The specialization of music therapy in palliative care was first introduced by Deborah Salmon at the Royal Victoria Hospital in the late 1970’s in Montreal Canada. Early in the 1980s, 40 music therapists from various parts of the globe gathered for a symposium on using music in end-of-life care in New York. This symposium sparked the beginnings of formal research and music therapy collaborations in Westernized countries with a focus on pain and symptom management. Descriptive articles were also emerging but quantitative research dominated the growing specialty. Since that time, music therapy in end-of-life has evolved considerably and continues to change in response to service users and the contexts in which they live and receive palliative and end-of-life care.
This presentation will briefly provide context on music therapy in end-of-life care to establish a foundation for the case examples of clinical work that will be shared from the experiences of two recently graduated professionals. These examples alongside personal reflections of the three presenters will provide insights into “a day in the life” of music therapists at different career stages and working in differing locations of Westernized end-of-life care. The voice of the service user which is often absent will be presented so as to further share a snapshot of common issues arising from those who are dying.
While the location of the examples from a Westernized healthcare system, attention will be paid to cultural humility and the reflection of how to expand service provision beyond a Western framework. Key Concepts that will be covered include:
- Gathering and honoring the insights of the sick, dying, and the bereaved
- Client and therapist relationships with death/dying
- Common issues/themes: relationship completion, faith, feelings about the unknown, balancing pain and joy, holding space, bearing witness, creating a container
- Family-centered music therapy
- Interprofessional collaboration
- Psychosocial health & legacy work.
1. To appraise the foundation of the specialization of music therapy in end-of-life care and within the Western healthcare model.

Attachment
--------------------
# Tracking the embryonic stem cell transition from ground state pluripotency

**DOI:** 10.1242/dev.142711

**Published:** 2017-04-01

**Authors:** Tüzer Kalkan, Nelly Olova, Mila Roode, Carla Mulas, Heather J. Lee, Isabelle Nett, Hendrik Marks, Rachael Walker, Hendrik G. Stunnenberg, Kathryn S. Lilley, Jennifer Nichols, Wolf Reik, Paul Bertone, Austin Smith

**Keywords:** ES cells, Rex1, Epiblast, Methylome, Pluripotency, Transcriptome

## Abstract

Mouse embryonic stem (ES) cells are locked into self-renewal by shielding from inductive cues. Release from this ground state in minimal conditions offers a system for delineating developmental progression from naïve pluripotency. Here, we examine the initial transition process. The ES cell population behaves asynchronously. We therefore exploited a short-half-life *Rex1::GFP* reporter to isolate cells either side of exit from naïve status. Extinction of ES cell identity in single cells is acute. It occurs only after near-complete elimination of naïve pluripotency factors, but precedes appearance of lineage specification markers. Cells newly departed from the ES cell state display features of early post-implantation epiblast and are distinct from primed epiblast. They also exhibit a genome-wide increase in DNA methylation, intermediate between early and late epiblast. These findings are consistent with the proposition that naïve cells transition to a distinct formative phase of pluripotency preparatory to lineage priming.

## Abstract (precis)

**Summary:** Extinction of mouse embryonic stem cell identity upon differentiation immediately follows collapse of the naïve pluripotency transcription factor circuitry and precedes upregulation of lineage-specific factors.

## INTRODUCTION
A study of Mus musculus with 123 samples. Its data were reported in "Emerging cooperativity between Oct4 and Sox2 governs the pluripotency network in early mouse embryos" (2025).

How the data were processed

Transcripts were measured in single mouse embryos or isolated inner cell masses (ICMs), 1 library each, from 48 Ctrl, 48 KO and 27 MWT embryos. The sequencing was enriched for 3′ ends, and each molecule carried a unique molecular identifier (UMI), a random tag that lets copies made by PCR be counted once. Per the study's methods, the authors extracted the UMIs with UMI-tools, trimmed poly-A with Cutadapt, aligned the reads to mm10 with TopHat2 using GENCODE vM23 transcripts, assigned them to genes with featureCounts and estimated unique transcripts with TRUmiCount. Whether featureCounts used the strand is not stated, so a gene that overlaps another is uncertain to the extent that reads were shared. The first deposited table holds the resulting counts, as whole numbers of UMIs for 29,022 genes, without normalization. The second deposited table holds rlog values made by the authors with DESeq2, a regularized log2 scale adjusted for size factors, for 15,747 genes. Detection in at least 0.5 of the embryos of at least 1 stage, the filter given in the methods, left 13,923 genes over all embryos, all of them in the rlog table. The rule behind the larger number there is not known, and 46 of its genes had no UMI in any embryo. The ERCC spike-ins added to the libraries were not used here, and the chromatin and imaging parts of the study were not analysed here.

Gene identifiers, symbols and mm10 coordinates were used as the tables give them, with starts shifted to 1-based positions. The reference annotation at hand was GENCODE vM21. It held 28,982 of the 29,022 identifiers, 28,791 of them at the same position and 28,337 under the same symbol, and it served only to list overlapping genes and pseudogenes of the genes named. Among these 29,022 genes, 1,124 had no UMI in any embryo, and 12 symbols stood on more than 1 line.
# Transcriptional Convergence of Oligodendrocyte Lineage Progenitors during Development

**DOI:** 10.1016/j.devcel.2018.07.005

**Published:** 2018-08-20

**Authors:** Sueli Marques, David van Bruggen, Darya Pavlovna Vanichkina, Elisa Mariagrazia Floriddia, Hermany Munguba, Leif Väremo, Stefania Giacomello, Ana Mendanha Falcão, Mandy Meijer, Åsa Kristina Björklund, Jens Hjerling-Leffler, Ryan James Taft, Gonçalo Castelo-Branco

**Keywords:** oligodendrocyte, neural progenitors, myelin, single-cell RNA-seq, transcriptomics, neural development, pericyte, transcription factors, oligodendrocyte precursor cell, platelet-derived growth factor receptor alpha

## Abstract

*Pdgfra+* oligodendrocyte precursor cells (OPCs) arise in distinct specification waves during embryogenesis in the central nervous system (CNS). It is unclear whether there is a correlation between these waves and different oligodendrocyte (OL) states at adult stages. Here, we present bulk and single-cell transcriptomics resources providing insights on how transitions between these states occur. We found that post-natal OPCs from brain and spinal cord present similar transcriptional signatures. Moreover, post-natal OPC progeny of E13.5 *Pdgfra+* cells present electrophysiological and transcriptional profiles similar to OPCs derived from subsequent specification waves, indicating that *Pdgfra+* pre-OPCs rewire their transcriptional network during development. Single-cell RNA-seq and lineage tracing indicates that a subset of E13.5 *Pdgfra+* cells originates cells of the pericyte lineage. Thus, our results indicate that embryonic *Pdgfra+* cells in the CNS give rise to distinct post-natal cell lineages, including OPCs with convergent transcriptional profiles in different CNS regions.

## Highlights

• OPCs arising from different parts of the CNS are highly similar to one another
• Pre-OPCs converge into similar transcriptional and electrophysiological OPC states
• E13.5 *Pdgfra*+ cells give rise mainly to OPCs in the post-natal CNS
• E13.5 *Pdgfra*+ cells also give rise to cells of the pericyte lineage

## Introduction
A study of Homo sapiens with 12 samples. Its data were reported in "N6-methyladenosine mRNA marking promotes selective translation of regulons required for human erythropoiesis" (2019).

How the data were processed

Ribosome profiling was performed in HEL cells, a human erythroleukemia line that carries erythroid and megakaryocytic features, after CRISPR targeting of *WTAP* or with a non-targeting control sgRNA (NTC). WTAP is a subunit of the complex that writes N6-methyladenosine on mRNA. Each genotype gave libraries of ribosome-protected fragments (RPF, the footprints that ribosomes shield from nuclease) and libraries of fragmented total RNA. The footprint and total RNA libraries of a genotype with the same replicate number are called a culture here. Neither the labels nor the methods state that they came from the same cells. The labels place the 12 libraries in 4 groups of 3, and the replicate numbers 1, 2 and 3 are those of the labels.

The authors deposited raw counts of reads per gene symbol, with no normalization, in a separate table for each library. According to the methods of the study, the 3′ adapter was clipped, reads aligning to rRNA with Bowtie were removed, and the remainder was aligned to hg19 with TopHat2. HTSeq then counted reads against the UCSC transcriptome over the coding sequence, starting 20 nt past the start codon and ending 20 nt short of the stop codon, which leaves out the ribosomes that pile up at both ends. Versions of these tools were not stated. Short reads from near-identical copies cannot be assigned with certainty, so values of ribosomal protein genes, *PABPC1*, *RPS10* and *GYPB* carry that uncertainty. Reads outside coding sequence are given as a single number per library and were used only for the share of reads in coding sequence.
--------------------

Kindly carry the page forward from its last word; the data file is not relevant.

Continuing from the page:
V. Professional Development and Responsibilities: B 2,
2. To contrast the experiences of music therapists working in various palliative care contexts within a Western healthcare model
IV. Evaluation and Termination of Treatment: A: 2-3, 9
3. To describe case vignette examples characterized by a typical day in the presenter’s end of life work experiences.
III. Treatment Implementation and Documentation: A. Implementation, 1, 2 j,k o,x, bb, ll , 4f
4. To describe music therapy approaches in end of life care and deepen knowledge of life review, legacy work and self care tools.
III. Treatment Implementation and Documentation: D. Treatment Planning, 1, 3-11
5. To explore one’s own relationship to grief, death and dying
V. Professional Development and Responsibilities: A, 10-11
Amy Clements-Cortes, Ph.D., RP, MTA, MT-BC is Assistant Professor, Faculty of Music, University of Toronto; a credentialed Music Therapist, Registered Psychotherapist, and Managing Editor of the Music and Medicine journal.
Michaela Bekenn is a certified sound therapy, yoga, mindfulness practitioner, completing her Masters of Music Therapy at Wilfrid Laurier University with clinical placements in pediatric rehabilitation, oncology, and palliative care.
Reenie Perkovic is a songwriter and music educator, completing the Master of Music Therapy program at Wilfrid Laurier University, with clinical experience in LTC, palliative care, CCC, and mental health.